Ever since its launch in the 1960s, the Jackson, Mississippi-based imprint has worked to showcase and promote Black music and artists. Founded by Tommy Couch Sr. and Mitchell Malouf – with Wolf Stephenson joining a little later – Malaco has taken on a multitude of forms over time; it spent several years as a booking agency, for example, and as a recording studio, too.

Given its legacy status – it may just be the longest-running independent record label in America – it’s a given that Malaco has also shifted and adapted musically over the decades. Early on, it moved through R&B to genres like soul and soul blues, before eventually settling into its current positioning as one of the world’s leading gospel imprints. Over the years, artists like Little Milton, Bobby ‘Blue’ Bland, The Jackson Southernaires, Z.Z. Hill, Johnnie Taylor, the Mississippi Mass Choir and more have released hits and cult favourites alike on Malaco. But, despite its successes both in the charts and behind the scenes, the label has remained relatively out of the spotlight for much of its operation, away from widespread international acclaim.

This year, however, the label is being celebrated in a new book entitled The Last Soul Company: The Malaco Records Story. The illustrated book weaves together exclusive stories, photos and pivotal moments spanning over 50 years of the label’s trajectory, with an array of essential Malaco artists featured. It was written by Grammy Award-winning author Rob Bowman, who also penned Soulsville, USA: The Story of Stax Records. 

In the week of its release, we caught up with Bowman to discuss the new book and find out more about the “soul-satisfying journey” explored within its pages. 

Dave Clark © Malaco Records

What led you to writing the book?

I had written the Grammy-nominated liner notes for The Last Soul Company: A 30 Year Retrospective back in 1999. I’ve been friends with the company’s owners ever since. They commissioned me to take those liner notes and expand them to cover the next 20 years as well as the gospel catalogue, which was not documented in the original notes.

© Malaco Records

Why did it feel important to tell Malaco’s story now?

Malaco is the longest-running, totally independent label in American music history. The company pioneered the soul blues genre of the early 1980s with such seminal artists as Z.Z. Hill, Lattimore, Denise LaSalle, Johnnie Taylor, Bobby ‘Blue’ Bland and Little Milton. They also became the most important label for gospel quartets in the late 1970s and, starting in the late 1980s with the Mississippi Mass Choir, they came to dominate the contemporary mass choir movement in gospel music. As the founder of the company, Tommy Couch Sr., has said many times [that] Malaco makes “Black music for Black people”. This is a story that needed to be told.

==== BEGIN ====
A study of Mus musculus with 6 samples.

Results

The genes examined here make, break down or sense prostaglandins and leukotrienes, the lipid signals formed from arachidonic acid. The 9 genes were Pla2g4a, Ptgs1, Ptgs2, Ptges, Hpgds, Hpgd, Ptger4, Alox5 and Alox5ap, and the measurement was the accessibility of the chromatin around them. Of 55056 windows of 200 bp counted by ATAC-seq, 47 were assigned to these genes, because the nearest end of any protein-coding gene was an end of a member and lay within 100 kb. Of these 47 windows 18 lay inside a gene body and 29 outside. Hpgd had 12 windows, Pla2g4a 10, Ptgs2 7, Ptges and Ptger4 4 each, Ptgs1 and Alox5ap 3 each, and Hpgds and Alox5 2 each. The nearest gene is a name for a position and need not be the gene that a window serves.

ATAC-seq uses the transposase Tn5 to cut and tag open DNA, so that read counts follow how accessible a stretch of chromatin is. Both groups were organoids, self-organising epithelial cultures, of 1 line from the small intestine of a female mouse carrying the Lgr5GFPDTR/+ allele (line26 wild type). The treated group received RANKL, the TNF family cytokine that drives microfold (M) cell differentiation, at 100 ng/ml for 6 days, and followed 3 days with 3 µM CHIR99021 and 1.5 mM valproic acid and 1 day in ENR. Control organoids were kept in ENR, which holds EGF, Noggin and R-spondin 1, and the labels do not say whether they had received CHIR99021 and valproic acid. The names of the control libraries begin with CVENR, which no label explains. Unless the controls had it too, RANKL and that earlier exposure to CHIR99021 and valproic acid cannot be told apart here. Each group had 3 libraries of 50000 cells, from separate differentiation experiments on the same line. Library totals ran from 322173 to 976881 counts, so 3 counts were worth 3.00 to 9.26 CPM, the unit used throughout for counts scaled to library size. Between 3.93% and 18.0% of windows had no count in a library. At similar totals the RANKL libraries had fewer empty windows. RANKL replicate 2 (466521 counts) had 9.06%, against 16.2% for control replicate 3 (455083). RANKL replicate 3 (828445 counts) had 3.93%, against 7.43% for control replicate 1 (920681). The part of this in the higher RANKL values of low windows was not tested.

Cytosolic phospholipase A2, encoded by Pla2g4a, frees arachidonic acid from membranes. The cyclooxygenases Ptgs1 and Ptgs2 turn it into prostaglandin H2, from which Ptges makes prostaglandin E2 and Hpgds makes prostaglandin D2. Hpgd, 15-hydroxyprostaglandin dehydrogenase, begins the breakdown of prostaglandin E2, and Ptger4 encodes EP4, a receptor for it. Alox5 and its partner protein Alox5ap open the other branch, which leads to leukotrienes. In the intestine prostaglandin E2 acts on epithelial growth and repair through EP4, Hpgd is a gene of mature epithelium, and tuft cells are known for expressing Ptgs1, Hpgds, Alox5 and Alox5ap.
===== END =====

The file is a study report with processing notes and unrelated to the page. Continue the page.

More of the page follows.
Mosie Burks with the Mississippi Mass Choir © Malaco Records

© Malaco Records

Did you discover anything unexpected about the label or its artists during the writing process?

I discovered tons of great stories behind numerous hit soul blues and gospel records. Perhaps most unexpected is how smart the company has been adapting to the transformation of the company to the new digital reality of the contemporary music business. By buying up labels such as Savoy, Apollo, Muscle Shoals and Atlanta International, Malaco now owns hundreds of thousands of copyrights. This has led to numerous samples by the likes of Drake, Snoop Dogg, Cardi B and Megan Thee Stallion. Malaco has pivoted with this new technology in a way that most major labels took years to figure out.

King Floyd © Malaco Records

What do you hope readers will take away from the book?

I hope as people read this book they will enjoy that extraordinary story that a Hollywood script writer couldn’t have come up with and, along the way, they will want to hear dozens, if not hundreds, of incredible recordings that Malaco has created or now owns and distributes. It is a soul-satisfying journey.